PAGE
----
Nagahara: Sound significantly shapes our impression of product usability and quality. In Sony cameras, we add a range of sounds as part of the user interface in Cyber-shot models, in details such as turning on the camera or releasing the shutter. In contrast, a (alpha) cameras hardly have any UI sounds. So how should we approach this issue in the NEX-5/NEX-3? After some consideration, we adopted the policy that does allow for UI sounds to enhance usability, but the sounds must fit the image of a classic DSLR and convey a sense of quality.
Take a shot with NEX-5/NEX-3 cameras, and you'll hear the shutter mechanism itself. Turn the control wheel, and you'll hear a pleasant clicking sound. In fact, this is a UI sound emitted by the camera. Takuya initially suggested a sound similar to winding a mechanical watch, but when we recorded a winding sound and tested it in the UI, it wasn't a good match. That's what makes sound design difficult.
For some time I recorded all kinds of sounds on an IC recorder I carried with me. After preparing excerpts on a computer, I shared samples of this vast sound library with other designers as we narrowed down the ideal sound. The sound effect we ultimately chose for the control wheel comes from the sound of operating a tool I happened to have at home, which I'm afraid must remain a secret.
To determine the pitch and character of other basic UI sounds, such as turning the camera off and on or closing and opening the menu screen, we applied techniques developed for Cyber-shot and Handycam models. But because these sounds also influence our impression of camera quality, they were also carefully chosen from a huge library of samples. Even late in the evening after I returned home, I used an IC recorder to capture the sound of tapping things. My family may have thought it was odd, but I was committed to meeting the high standards of Takuya and others on the design team.
Hata: NEX-5/NEX-3 cameras demonstrate Sony innovation, both in how equipment is organized and in specific product design. It was also time for new development in packaging design, time for a fresh departure from the dominant cinnabar in previous packaging.
We began by devising streamlined outer packaging, matching the character of the camera itself. Next we chose minimal inner packaging, making it easy to unbox. A unique touch is that when you do remove it, you'll see that the lens is already attached to the body. Minimal packaging, and being able to pick up the camera with the body and lens already attached—this shows our regard for new owners who want to try out the camera right away. Packaging designers faced with this kind of high-quality, high-interest product tend to overdo it and make packaging too complex. Adopting subtractive design instead prevents anything from interfering with the excitement of unboxing the camera. That's why the packaging is plain and simple.
The base color of the packaging is a shade of gray inspired by the appearance of the lenses. We thought bright gray would complement the gleaming metallic lenses nicely, but this choice made me uneasy about the packaging material itself, which is recycled paper. Light colors sometimes fail to conceal traces of ink in recycled paper. We visited the printing facility this time to make sure the gray looked attractive. And that's why the product photos look so nice. Here, too, our restraint in the amount of images and information showcases the statement we're making in design.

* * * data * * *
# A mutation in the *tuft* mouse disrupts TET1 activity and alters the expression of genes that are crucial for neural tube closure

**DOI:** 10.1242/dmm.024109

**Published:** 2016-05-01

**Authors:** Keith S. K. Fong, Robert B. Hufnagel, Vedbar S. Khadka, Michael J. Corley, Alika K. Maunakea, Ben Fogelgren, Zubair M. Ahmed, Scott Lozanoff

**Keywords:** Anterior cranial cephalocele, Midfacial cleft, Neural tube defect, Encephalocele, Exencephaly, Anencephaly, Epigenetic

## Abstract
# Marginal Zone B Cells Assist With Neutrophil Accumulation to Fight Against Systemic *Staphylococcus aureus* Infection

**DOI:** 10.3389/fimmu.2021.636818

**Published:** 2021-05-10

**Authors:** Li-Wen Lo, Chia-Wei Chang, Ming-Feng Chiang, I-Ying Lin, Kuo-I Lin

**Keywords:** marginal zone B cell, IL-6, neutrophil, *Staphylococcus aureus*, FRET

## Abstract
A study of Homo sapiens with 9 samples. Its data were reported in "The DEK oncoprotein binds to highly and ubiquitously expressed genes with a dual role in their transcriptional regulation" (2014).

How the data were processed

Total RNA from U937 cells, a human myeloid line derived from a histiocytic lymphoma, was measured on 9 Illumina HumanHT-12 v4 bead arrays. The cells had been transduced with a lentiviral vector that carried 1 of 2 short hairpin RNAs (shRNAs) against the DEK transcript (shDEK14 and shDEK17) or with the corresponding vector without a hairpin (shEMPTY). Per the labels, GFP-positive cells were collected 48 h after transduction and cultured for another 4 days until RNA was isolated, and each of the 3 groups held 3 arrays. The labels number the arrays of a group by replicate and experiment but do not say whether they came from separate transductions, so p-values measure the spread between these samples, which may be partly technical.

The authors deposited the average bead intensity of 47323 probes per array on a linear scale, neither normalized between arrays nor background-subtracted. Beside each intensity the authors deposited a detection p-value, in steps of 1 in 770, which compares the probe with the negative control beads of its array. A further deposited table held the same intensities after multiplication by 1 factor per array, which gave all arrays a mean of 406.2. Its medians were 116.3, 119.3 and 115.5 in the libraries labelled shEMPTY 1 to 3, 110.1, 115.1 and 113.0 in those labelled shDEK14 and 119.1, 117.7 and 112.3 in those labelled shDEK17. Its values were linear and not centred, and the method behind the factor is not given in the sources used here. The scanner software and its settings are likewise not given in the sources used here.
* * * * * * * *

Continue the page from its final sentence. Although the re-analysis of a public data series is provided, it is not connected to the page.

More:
Fukuhara: How do we position new products within Sony product groups, and how do we launch and market them? How do we share these intentions with affiliated departments in Japan and overseas, with our creative agencies and production companies? Because the messages of design in Sony products must reach the market intact, this communication is critically important.
We decided at an early stage that NEX-5/NEX-3 cameras should be positioned under the a brand of interchangeable-lens Sony cameras, but we wanted to avoid any confusion in the market from the fact that their lens mount system is different from the a series A-mount. So we considered how to differentiate NEX cameras from existing cameras while ensuring a smooth launch. Model names of A-mount cameras begin with DSLR. If we used the same naming system for E-mount cameras, people would only be able to distinguish cameras by the number in model names, which would be confusing. Instead, we decided it would be simpler and easier to remember if A-mount cameras are named as in Sony a while E-mount cameras are named as in a NEX-5, clearly identifying them as a products and helping prevent miscommunication.
In fact, even a year before the NEX launch, we took a more systematic approach to our planning and engineering documents, and we had distributed preliminary design documents describing our vision for NEX-5/NEX-3 in key phrases and visuals. The sooner we prepare this way, the sooner we're all on the same page at Sony. It also helps us keep the messages of design intact in promotional material after launch and supports an effective market entry. In their design and technical specifications alike, we're confident in these cameras. We'll ensure that promotion for the cameras lets their true value speak for itself, loud and clear.